South Korea is ramping up efforts to strengthen preemptive and prevention measures against climate change after its capital was hit by two days of record-breaking rainfall and deadly floods.
Prime Minister Han Duck-soo told a meeting of the Cabinet on Tuesday that it was necessary to set up a new disaster response system to deal with natural disasters caused by climate change, reported Yonhap News Agency.
"Due to climate change, unprecedented disasters have frequently occurred," Han said.
"In line with environmental changes, safety management standards must be drastically strengthened and boldly reorganized to effectively prepare for major disasters in the future," he added.
The downpours, which President Yoon Suk-yeol described as the heaviest since weather observations began 115 years ago, started on Aug 8, swamping roads and subway stations in Seoul and its surrounding areas.
The floods left 14 people dead and six missing as of Aug 14, with thousands of homes damaged, according to the country's Central Disaster and Safety Countermeasures Headquarters.
Two Chinese nationals lost their lives in the floods, the Chinese Foreign Ministry said on Aug 10.
Various measures have been discussed since last week. For instance, the government is working to designate areas that were hit during the heavy rains as a special disaster zone. Such areas will be eligible for government financial support in recovery work and victim relief funds, among others.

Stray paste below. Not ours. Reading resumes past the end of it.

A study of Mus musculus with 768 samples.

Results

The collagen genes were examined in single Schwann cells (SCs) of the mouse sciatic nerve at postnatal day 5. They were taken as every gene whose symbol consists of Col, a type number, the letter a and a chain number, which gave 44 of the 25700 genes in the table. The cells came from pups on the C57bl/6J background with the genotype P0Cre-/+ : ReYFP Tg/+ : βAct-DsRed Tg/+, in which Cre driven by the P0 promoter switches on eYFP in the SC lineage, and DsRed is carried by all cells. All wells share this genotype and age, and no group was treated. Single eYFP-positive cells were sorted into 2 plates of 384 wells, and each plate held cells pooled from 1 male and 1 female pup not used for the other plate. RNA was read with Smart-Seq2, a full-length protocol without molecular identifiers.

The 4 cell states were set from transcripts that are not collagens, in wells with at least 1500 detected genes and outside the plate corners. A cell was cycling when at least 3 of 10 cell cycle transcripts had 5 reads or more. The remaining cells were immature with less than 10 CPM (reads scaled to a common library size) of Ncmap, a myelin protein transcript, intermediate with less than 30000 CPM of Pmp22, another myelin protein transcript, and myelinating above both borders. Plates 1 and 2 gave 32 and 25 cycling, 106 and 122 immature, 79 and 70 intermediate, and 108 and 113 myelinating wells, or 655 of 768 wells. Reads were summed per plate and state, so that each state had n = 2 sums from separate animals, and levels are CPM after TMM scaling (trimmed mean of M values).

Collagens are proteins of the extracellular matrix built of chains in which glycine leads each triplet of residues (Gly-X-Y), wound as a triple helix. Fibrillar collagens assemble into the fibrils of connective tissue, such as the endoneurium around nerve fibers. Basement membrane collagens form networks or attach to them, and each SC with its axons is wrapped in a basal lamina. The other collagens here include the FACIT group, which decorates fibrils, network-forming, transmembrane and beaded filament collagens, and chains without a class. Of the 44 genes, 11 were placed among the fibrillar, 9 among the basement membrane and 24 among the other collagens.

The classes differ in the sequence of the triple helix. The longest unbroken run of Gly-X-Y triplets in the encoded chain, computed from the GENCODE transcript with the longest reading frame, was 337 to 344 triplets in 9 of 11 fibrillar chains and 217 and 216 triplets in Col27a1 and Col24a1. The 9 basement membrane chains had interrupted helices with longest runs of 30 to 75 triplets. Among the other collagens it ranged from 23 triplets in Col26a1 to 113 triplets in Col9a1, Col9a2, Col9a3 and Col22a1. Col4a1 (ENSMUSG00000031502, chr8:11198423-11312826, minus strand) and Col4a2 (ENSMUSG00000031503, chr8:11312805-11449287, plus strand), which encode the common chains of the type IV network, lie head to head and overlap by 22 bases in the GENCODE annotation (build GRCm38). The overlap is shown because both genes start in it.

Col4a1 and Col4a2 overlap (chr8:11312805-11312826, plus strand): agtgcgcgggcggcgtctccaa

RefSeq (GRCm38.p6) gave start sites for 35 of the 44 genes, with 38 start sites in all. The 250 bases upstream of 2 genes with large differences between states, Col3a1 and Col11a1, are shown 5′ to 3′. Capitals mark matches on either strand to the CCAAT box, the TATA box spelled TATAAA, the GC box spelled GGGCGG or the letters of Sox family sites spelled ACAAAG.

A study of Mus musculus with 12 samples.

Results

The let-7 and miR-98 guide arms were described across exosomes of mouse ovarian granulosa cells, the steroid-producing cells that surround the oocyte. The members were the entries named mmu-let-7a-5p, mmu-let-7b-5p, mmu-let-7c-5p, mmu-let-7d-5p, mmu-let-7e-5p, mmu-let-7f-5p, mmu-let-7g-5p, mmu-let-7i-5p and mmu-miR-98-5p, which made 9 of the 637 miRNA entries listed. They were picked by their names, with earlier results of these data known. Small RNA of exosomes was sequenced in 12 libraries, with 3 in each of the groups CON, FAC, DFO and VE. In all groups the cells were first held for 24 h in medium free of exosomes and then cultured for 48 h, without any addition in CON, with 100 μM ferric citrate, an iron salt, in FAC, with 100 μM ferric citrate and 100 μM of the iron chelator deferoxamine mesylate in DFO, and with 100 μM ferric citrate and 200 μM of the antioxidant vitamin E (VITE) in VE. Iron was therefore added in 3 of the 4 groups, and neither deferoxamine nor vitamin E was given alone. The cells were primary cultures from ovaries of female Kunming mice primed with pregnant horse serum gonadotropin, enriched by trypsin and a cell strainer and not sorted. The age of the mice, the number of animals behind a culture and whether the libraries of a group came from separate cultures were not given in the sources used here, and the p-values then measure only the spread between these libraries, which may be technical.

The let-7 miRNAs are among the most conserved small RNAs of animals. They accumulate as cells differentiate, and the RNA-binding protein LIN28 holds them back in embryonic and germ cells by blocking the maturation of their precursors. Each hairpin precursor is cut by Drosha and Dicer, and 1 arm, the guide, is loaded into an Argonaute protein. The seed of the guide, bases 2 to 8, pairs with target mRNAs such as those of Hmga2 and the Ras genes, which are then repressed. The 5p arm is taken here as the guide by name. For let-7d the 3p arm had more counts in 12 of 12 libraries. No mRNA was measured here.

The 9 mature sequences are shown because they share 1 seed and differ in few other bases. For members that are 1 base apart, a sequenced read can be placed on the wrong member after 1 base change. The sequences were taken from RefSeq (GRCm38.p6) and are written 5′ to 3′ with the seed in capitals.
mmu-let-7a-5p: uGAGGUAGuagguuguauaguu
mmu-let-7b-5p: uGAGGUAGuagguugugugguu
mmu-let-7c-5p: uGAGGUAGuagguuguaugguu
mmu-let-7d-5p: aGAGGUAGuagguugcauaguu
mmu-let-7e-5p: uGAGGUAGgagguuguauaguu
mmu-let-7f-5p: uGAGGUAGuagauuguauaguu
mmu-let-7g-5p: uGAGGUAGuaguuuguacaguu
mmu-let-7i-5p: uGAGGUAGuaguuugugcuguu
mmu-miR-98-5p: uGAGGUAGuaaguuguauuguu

The Seoul city government also announced that it will spend $1.15 billion over the next decade on the construction of deep underground rainwater storage facilities in flood-prone areas, which will be fitted with large-scale drainpipes with a diameter of about 10 meters each at a depth of 40 to 50 meters below ground.
Seoul Mayor Oh Se-hoon also said the city aims to phase out all forms of basement apartments over the next two decades after four people drowned in the semi-underground homes.
"The big concern would be that we may have a similar one (of extreme weather) in the near future due to climate change," said Kim Young-oh, a professor in the Department of Civil and Environmental Engineering at Seoul National University.
Kim said the urban water cycle should be based on understanding a hybrid of natural and man-made systems. "The drainage system which has been made by humans is crucial, especially for the urban system, and so a systematic approach based on engineering is important," Kim said.
Chung Suh-yong, an international studies professor at Korea University, said he hopes the government can come up with other necessary mitigation measures to tackle climate change, including improving weather forecasting, promoting renewables and restructuring buildings to improve energy efficiency.
"More importantly, the government needs to set up a stronger coordination body, hopefully at the presidential level," Chung said.
This year marks the 30th anniversary of China-South Korea diplomatic ties. At a meeting in July, Chinese State Councilor and Foreign Minister Wang Yi and visiting South Korean Foreign Minister Park Jin agreed to expand cooperation in climate change.
Chung said he hopes leaders of both countries can form serious understandings on the necessity of environmental cooperation.
In the face of increasing extreme weather events and greenhouse gas emissions, cooperation in mitigation measures can include renewable energy, nuclear safety and carbon markets, Chung said. "I do hope that the spirit of cooperation can be realized in Northeast Asia … by strengthening the cooperation between South Korea and China."